George H.W. Bush Biography
- 41st President of the United States
- Years Served as President: 1989-1993
- Vice President: Dan Quayle
- Party: Republican
- Age at Inauguration: 64
- Home State: Massachusetts
- Date of Birth: June 12, 1924
- Died: November 30, 2018
- Married: Barbara Pierce
- Children: George, Robin, John, Neil, Marvin, Dorothy
- Nickname: Chief Spook, Poppy
What is George H.W. Bush known for?
George H.W. Bush is best known for being the president during the Persian Gulf War.
He’s also known for his political family: His son George followed in his footsteps as president, and his son John “Jeb” Bush served as the governor of Florida.
George Herbert Walker Bush was born in 1924 in Milton, Massachusetts to Dorothy and Prescott Bush. His father Prescott was a banker, and later a U.S. Senator.
Soon after George was born, the family moved to Connecticut. Although the family was wealthy, they lived modestly and emphasized the importance of giving back to others.
When he was a teenager, George left home to attend a boarding school in Massachusetts called Phillips Academy Andover.
He was the senior class president and the captain of the soccer and baseball teams.
George graduated on his eighteenth birthday in 1942. That same day, he joined the United States Navy. He became the youngest pilot in the Navy.
During World War II, Bush went on 58 combat missions. During one mission, his plane was shot down by Japanese soldiers, and he parachuted into the ocean.
He was rescued by a submarine and awarded the Distinguished Flying Cross.
After being discharged from the Navy in 1945, Bush went to Yale University. He led the baseball team to two College World Series and earned a degree in economics by 1948.
While he was still in the Navy, Bush married Barbara Pierce. The couple met at a country club dance during the Christmas holidays.
The couple had six children: George, John, Neil, Marvin, Dorothy, and Robin, who died of leukemia at a young age.
After graduating from Yale, Bush and his family moved to Texas, where he worked in the oil industry for many years.
Bush’s political career began when he became the chairman of the Republican Party in Harris County, Texas. In 1966, he was elected to the U.S. House of Representatives, where he served for two terms.
President Nixon appointed Bush as the ambassador to the United Nations in 1970. In 1973, he was appointed as the chairman of the Republican National Committee.
Under President Gerald Ford, Bush was a diplomatic envoy to China and later the director of the CIA.
When Ford lost the presidency to Jimmy Carter, Bush offered to continue working as the director of the CIA, but Carter declined.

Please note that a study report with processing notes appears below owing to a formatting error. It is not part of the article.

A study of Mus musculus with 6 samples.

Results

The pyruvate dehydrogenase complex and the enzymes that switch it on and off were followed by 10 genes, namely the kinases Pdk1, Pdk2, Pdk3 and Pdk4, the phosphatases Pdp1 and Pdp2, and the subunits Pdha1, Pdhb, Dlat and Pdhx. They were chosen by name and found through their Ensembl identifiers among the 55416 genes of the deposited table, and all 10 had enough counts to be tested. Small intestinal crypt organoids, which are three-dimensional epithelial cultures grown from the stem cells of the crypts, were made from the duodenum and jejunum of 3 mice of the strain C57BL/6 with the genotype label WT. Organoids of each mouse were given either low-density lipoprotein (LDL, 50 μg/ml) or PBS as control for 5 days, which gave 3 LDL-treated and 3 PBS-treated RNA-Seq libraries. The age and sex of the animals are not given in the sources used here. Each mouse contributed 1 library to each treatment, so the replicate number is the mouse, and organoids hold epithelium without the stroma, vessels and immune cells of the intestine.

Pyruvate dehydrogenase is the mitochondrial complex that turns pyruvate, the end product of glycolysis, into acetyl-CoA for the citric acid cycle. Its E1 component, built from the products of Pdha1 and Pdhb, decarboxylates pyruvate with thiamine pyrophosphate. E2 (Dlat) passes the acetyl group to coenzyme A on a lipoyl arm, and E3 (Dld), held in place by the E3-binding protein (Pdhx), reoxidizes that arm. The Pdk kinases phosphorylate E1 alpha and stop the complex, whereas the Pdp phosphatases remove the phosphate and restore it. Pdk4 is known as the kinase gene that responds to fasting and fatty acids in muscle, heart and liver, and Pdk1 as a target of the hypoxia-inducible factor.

The family returned to Houston, and Bush began planning for the 1980 presidential election.
During the campaign, Bush fell behind Ronald Reagan in the Republican primary. Luckily, Reagan chose Bush to be his running mate.
Reagan won the election, and Bush served as his vice president for two terms. In 1988, Bush ran for president again and won.
Foreign policy was a major part of Bush’s presidency. The Cold War was coming to an end, and he helped improve relations with the Soviet Union.
Bush and the Soviet leader Mikhail Gorbachev signed the Strategic Arms Reduction Treaty in 1991.
Bush also authorized military operations in Panama and in the Persian Gulf. In Panama, the United States overthrew the corrupt dictator Manuel Noriega, who was also trafficking drugs into the U.S.
When the Iraqi leader Saddam Hussein invaded Kuwait and threatened to invade Saudi Arabia, Bush organized a coalition of 30 countries to fight back against Iraq.
The United States led Operation Desert Storm, which included an air attack and a ground offensive in Iraq.
The Iraqi army was soon forced out of Kuwait, and Hussein had to agree to restrictions on his government.
At home, Bush passed the Americans with Disabilities Act of 1990 and the Clean Air Act Amendments of 1990. He also appointed Clarence Thomas and David Souter to the U.S. Supreme Court.
Near the end of Bush’s presidency, the economy began to struggle. He had originally promised “no new taxes” but had to go back on this promise to deal with an increasing budget deficit.
Although his foreign policies made him popular with the American public, breaking the “no new taxes” promise lost Bush many of his supporters.
He ran for re-election but lost to Arkansas governor Bill Clinton.
After the Presidency
Bush and his wife returned to Houston, Texas, where they frequently volunteered in their community.
In 1997, he opened the George Bush Presidential Library and Museum on the campus of Texas A&M University in College Station, Texas.
Later, Bush worked with Bill Clinton to raise funds for people affected by Hurricane Katrina and the 2004 Indian Ocean tsunami. They founded the Bush-Clinton Houston Tsunami Fund.
George H.W. Bush died on November 30, 2018 at the age of 94, seven months after his wife Barbara.
After a state funeral at the National Cathedral in Washington, D.C., Bush was buried at his Presidential Library alongside his wife and his daughter, Robin.
Fun Facts About George H.W. Bush
In 1993, 17 people were arrested in Kuwait for plotting to assassinate George H.W. Bush using a car bomb.
That same year, Bush was knighted by Queen Elizabeth II. He was the third U.S. president to receive this honor.
Bush and his wife Barbara were married for 73 years, the longest marriage of any U.S. president and First Lady in history.
To celebrate his 85th birthday, Bush went skydiving.
Bush’s son George was the governor of Texas, while his son Jeb was the governor of Florida.
When George was elected president in 2000, the father and son became only the second father-son presidential duo in U.S. history. (The first was John Adams and John Quincy Adams in 1824.)
In the Bush family, George H.W. was often referred to as “Forty-One,” while George W. was referred to as “Forty-Three.”